It’s actually an “any-veg-you-have-hanging-around” soup, but Dorie even calls it her “stone soup,” so that’s what I’m calling it.

It’s a perfect season for soup. October is a wonderful month for soup. The temperature is slowly dropping, the air is getting crisper, and there’s that delightful hint of autumn swirling in the wind. It’s weather that sings for soup, cries out for soup.

Or, rather, it does in places other than San Antonio. It’s still quite warm here. Not exactly summer-hot, but warm. I’m used to it. I spent many, many years living in Florida. If anything, San Antonio is a familiar change from the winters I spent in Japan, winters that brought me snow, something I hadn’t experienced in ten years. Also, frigid arctic winds that made riding a bicycle fundamentally impossible.

My first winter in Japan, I lived on soup and soup-variants. In our break-room at work, the three staff members each had a cubby-hole for food. Mine was filled to bursting with powdered soup mixes and hot tea drinks. And microwave rice bowls. For breakfast, I would have tamago-kake-gohan: hot rice with a raw egg mixed in, which cooked the egg a bit, often with a bit of reconstituted miso soup for added flavor. For lunch, I would have powdered soup: corn potage or creamy mushroom or savory tomato or silky sweet potato. For dinner, Beni-sensei and I would sometimes go for a big bowl of ramen, hot enough to keep me warm during the walk home.

Good times.

Now, with a full kitchen at my disposal, I wouldn’t even consider having powdered soup mixes hiding in corners, much less sittingly brazenly on shelves. I don’t even much care for canned soup. I’ve come to crave homemade soups, simmered on the stove until they fill the house with their promises of deliciousness. I long for big bowls of silky smooth vegetable soups and chunky meat stews and nose-tingling chilis. And bread to go along with them! Crusty yeast breads and soft dinner rolls and squares of cornbread. That’s the soup meal I want!


Mmm, tasty meal. It almost makes me wish the weather was cooler.


I loved this soup. I stuck with Dorie’s recipe (more guidelines than anything else) and made carrots the soup base. Mainly because I love carrots, and I always have carrots hanging around the house. It’s intended to be a soup that uses few ingredients – particularly what you already have in the pantry – and is easy to throw together. It totally lived up to expectations.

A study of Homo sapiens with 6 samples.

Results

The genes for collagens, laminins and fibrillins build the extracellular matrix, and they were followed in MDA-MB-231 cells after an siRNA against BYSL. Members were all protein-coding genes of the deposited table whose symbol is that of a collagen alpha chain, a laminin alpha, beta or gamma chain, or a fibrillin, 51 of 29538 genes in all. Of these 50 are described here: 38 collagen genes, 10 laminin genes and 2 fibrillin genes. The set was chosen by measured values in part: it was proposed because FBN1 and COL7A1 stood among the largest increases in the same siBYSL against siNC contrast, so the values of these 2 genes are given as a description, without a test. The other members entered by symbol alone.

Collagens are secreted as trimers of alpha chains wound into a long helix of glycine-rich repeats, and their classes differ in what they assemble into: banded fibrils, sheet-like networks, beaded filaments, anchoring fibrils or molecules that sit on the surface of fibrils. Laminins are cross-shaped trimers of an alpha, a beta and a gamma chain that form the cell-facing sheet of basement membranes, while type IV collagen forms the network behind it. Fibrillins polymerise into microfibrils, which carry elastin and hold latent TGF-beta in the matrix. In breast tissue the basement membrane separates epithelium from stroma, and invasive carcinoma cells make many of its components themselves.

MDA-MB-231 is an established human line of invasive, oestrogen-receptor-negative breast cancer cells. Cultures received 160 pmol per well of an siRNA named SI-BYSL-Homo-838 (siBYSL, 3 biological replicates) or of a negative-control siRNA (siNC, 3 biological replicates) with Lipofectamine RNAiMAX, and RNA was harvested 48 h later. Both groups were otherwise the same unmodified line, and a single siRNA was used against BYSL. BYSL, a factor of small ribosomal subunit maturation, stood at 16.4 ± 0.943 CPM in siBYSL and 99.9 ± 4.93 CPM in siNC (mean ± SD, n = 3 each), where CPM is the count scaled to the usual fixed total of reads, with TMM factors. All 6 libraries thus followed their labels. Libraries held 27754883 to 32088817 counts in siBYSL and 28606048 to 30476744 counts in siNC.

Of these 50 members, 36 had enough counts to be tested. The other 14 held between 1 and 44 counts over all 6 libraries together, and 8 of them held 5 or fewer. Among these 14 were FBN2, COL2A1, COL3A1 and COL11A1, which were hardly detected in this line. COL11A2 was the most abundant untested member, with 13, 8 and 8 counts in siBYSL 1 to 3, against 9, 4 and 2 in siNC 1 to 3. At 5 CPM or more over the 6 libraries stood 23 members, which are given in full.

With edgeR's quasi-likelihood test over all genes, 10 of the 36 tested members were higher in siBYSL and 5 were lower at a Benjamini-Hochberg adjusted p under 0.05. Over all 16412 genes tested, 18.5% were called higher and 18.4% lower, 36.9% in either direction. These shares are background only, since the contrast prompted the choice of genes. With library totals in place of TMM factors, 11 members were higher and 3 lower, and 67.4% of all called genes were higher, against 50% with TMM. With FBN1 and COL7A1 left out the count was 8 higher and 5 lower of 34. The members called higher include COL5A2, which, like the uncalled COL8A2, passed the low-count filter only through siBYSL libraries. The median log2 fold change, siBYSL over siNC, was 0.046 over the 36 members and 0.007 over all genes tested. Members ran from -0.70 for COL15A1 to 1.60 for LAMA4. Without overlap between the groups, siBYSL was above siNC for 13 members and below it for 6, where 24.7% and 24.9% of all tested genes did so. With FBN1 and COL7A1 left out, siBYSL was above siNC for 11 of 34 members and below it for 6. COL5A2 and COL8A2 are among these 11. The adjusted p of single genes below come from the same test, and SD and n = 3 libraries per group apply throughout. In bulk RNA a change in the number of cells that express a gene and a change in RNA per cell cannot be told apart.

It’s all very simple:


Slice carrots and throw them in a pot with some garlic and herbs (no onions or celery for me, thank you!) and olive oil and get the carrots a little tender.

Add some chicken broth and a diced potato, bring to a boil, and let it go!

Bake up some nice crusty bread for dipping.

And voila! Soup!


I stuck the immersion blender in and pureed it a bit, which gave it a creamier, thicker texture. Some carrot and potato clumps were left, a nice variation on the texture. I baked up some super-easy crusty loaves and served the soup with them.

And it was beautiful.


And look at that pretty little dollop of sour cream! Next time, I’ll have some creme fraiche.


And it was tasty! And surprisingly filling. Geordie and I were both stuffed afterwards. We finished off the entire pot. Granted, I’d made a half-batch, because we have enough to eat without more leftovers crowded into the fridge. Geordie had to sop up what remained in the pot, but he didn’t complain.



This is definitely a soup I could make again, happily. It was so easy to do, and the end result was so tasty. Geordie would have added chicken; otherwise, he too approved.

Though it may not feel like autumn here, this soup certainly puts me in the mood for it. It doesn’t matter what the weather is like, sometimes a body just needs a good, tasty soup to bolster the spirit. This one does nicely! Not too heavy, not too light. Perfect.

For other interpretations of Dorie’s vegetable soup, check out French Fridays with Dorie to see what the rest of the Doristas produced. Mmmm, mmmm!